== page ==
Best-selling English author JK Rowling might be hailed as one of the best writers of books for children and growing teens in the world today (despite Trump supporters saying otherwise), but she’s also got quite the fascination with death in her works. In the epic “Harry Potter” book series she went from establishing her boy hero’s parents dying in the backstory, to a total massacre of sorts in the final battle of the seventh and last book.

She’s somehow turned around from this death fixation in recent years, however, at least in social media. In 2015 Rowling apologized to Potter-fans on her Twitter page about killing George Weasley’s twin brother Fred, and in the following year she “mourned” for killing the werewolf wizard teacher Remus Lupin.

Her strange “recantations” for character killing have been quirkily accepted and followed, except the one for this year.

Sore at Snape

The events of the last “Harry Potter” book, 2007’s “Deathly Hallows”, was supposed to have taken place in 1997-1998, with the final “Battle of Hogwarts” happening in May of the latter year. Thus it’s roughly 19 years to the day since a lot of heroic wizards from the book were killed in action such as Fred Weasley and Lupin. But when Rowling tweeted how she now regrets having killed the antagonistic (but not outright villainous) Professor Snape, fireworks erupted on social media.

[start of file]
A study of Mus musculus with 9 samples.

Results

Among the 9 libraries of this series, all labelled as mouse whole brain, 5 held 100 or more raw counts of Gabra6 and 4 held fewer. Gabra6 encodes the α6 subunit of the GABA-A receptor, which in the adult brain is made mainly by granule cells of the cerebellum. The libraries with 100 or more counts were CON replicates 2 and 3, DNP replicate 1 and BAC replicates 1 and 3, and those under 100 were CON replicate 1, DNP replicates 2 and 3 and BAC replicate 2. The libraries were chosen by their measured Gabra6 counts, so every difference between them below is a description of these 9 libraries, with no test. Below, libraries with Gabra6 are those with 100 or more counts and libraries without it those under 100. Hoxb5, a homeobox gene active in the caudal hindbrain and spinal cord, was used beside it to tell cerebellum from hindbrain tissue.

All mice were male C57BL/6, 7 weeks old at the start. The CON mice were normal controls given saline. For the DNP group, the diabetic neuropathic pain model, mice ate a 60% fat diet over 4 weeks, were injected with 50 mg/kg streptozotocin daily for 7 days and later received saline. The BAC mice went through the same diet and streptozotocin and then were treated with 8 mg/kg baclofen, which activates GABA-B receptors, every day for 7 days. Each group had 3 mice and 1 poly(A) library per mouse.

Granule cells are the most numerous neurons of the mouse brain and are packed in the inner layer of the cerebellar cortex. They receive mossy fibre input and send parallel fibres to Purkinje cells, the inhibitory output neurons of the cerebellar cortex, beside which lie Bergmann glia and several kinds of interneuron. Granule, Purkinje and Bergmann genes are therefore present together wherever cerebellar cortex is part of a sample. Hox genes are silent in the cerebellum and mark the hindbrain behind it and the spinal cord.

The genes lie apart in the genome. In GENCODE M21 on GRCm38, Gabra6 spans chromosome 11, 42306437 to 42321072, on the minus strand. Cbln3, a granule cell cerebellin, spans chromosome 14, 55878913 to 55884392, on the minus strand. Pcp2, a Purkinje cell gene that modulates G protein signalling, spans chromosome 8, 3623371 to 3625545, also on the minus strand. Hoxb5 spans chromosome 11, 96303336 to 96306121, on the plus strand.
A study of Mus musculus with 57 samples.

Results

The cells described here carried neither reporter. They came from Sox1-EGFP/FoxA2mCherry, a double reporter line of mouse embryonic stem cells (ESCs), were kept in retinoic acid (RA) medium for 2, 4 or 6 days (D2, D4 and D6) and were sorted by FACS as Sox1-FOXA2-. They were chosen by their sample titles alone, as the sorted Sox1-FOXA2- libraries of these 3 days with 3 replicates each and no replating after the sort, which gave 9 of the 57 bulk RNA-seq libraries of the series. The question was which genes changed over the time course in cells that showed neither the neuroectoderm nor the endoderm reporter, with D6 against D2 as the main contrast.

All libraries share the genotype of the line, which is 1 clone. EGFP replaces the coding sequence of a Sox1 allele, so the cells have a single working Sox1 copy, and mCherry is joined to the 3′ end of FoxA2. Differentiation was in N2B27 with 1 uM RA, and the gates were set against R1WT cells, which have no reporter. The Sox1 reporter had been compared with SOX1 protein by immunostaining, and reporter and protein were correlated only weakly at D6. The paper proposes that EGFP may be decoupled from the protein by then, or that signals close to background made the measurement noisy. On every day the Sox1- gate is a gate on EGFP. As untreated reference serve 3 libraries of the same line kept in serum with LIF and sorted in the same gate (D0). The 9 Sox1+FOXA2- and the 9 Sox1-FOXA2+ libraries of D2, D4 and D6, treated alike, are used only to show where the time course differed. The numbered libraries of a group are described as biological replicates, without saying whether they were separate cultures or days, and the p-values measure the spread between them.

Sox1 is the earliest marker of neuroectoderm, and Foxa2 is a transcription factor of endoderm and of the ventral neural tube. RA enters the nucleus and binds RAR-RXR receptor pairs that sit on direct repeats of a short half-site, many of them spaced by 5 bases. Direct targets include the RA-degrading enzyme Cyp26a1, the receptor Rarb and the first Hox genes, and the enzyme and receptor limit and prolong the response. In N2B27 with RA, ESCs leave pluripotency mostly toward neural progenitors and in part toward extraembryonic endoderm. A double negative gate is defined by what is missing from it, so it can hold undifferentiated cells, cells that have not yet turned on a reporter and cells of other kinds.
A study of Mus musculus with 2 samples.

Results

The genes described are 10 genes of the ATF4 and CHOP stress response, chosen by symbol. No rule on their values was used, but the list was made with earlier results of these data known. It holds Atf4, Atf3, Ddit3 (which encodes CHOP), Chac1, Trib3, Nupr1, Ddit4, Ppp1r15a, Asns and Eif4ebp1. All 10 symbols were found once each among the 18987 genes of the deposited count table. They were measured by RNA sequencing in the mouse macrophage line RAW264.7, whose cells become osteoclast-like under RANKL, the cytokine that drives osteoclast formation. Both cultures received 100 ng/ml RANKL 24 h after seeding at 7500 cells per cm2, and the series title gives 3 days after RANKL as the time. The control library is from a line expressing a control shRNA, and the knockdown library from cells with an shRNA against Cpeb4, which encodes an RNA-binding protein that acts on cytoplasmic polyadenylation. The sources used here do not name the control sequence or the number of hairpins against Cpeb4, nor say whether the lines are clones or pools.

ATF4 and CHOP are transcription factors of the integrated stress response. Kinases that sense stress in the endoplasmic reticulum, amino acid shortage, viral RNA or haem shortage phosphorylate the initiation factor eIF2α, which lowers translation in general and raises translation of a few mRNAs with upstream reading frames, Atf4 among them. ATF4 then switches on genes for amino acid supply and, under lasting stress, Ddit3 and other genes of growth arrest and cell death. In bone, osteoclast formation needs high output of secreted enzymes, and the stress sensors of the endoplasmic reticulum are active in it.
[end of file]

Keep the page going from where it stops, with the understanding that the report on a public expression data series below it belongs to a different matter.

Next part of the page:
The author must have realized a number of negative reactions her latest post would garner, but nobody could have expected the amount of vitriol that would be generated.


Freudian excuse

The backstory of Severus Snape in the “Harry Potter” books has him as the son of a “Muggle” dad and a witch mom. His experience studying in Hogwarts saw him befriending a “muggle-born” witch and being tormented by a pure-blood bully, leading to him hiding his parentage and joining the dark wizard society gathered around the evil Voldemort.

Snape turns against Voldemort when he kills the witch he befriended, becoming a spy against him for Hogwarts headmaster Dumbledore. Said witch was Lily, Harry’s mother; and while Snape swore to keep the boy alive, the fact that Harry Potter’s dad was Snape’s old bully spurred him to torment the boy.

This dichotomy to Snape’s characterization caused a divide in Potter-fan reaction’s to Rowling’s tweet, with some sympathizing and other castigating the author.

The character was played by the late British actor Alan Rickman in the Warner Bros. film adaptations.